A multidisciplinary food truck initiative headed by Dr. Stephen Johnson, the dean of the graduate school, and designed by Nil Santana, director of the MakerLab, recently partnered with PepsiCo Inc. to eliminate a food desert in south Dallas.
Johnson and Santana desire to create a graphically-robust vehicle for educating the south Dallas community on healthy eating habits and the importance of health-conscious food choices. PepsiCo Inc. donated the food truck to ACU students and the PepsiCo Foundation provided a grant to fund the project. Johnson highlighted the collaboration between PepsiCo Inc., ACU CitySquare and the MakerLab to tackle a problem in south Dallas, as an example of the school’s mission to impact the world.
Hayden Walker, junior graphic design major from Bridgeport, said, “I’m excited about the project, it’s really cool to be able to impact kids in this way. It’s fun, it’s creative, and hopefully it makes a splash in the lives of these kids.”
Walker expects his duties will pertain to the design of the truck’s exterior. He said, “As far as I know, the main designing that will need to be done will be wrapping the truck with some type of image and signage.”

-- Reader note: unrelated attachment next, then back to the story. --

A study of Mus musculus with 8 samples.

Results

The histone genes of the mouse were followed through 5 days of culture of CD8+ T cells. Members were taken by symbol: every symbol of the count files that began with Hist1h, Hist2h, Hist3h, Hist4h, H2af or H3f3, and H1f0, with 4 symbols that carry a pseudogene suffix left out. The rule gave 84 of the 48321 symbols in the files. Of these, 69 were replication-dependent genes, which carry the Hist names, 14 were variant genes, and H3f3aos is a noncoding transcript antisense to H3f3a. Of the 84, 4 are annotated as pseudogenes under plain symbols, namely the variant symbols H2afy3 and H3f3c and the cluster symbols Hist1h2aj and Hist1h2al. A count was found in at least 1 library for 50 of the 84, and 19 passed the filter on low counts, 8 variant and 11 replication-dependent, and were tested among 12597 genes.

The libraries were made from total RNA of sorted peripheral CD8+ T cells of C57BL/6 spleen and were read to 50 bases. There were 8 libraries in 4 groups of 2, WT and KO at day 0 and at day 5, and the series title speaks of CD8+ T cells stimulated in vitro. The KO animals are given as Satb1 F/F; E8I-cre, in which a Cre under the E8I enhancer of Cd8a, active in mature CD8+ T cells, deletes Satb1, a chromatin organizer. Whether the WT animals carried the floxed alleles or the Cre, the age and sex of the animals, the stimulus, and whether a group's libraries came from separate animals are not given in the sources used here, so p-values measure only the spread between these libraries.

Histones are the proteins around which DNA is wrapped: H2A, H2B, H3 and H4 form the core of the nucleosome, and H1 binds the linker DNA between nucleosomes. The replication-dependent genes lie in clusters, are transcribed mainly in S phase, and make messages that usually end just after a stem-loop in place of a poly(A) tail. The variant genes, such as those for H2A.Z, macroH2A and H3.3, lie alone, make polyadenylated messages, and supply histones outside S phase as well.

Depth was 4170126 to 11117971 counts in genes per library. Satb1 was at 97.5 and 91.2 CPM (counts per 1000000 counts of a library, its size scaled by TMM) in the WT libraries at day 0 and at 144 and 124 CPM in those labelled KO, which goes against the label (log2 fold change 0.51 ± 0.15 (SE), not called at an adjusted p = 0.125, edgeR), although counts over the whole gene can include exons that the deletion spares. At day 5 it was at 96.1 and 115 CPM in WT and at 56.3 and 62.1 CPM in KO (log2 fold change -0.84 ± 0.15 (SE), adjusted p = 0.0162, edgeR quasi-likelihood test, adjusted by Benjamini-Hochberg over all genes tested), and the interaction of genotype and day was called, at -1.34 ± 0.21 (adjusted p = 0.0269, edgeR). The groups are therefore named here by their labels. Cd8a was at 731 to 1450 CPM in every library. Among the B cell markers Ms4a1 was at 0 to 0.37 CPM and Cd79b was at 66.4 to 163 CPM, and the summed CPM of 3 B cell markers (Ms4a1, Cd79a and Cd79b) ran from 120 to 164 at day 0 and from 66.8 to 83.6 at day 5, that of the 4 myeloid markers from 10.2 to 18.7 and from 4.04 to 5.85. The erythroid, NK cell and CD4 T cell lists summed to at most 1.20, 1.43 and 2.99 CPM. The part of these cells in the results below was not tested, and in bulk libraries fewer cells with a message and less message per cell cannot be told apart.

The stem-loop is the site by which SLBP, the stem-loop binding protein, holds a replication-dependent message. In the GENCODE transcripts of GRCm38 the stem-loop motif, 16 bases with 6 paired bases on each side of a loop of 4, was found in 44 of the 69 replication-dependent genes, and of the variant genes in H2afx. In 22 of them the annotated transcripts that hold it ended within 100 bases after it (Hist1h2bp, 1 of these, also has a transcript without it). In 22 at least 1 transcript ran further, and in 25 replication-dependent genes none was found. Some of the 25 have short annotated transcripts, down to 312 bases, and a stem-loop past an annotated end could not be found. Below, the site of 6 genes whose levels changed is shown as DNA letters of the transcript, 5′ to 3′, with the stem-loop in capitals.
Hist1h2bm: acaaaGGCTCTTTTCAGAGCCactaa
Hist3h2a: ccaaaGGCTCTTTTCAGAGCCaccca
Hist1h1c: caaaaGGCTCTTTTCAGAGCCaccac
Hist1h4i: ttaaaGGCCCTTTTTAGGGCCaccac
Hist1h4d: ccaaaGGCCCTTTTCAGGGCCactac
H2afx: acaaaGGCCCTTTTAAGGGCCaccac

Nil Santana invited Walker to assist with the design. Santana is facilitating the design of the truck through the MakerLab.
“We will facilitate the design thinking methodology, where students will be able to come up with solutions, learn to prototype quickly, test them, and, if needed, continue to iterate them,” said Santana.
Dr. Stephen Johnson, the visionary, emphasized the food truck’s purpose would not be food delivery, but instead, education. He envisions an eye-catching mobile learning truck that will allow the community of south Dallas to learn through touch and experimentation.
Johnson said the ACU CitySquare students, while exploring urban poverty, came across the problem of food access.
“In certain neighborhoods there’s no grocery stores, there’s no healthy food options. There are only corner markets, where you can get the stuff you get at 7-Eleven,” he said.
The lack of public transportation coupled with the lack of healthy food options, created a food desert in south Dallas that stared Johnson and the ACU CitySquare students right in the face. As instances of diabetes and hyper tension mounted, students discovered that access to healthy food options was not enough. The students realized that the community must be educated on the importance of healthy food choices and, more importantly, how to utilize them.
Stephanie Fink, senior 2D art major from Fayetteville, Georgia, said, “We are looking to use the food truck to interact with the children and adults in the neighborhood, bring in fresh vegetables and fruits from farmers markets, and teach the community how to prepare them.”
Santana said the goal for this fall is design, ideation, and prototyping, capped by the implementation of their designs. The spring semester will be devoted “to immersive contact with the community,” he said.
They are still in need of more students to assist in the initiative. Johnson said the project will be a team honors contract in the fall, though they hope to explore the colloquia path for the spring.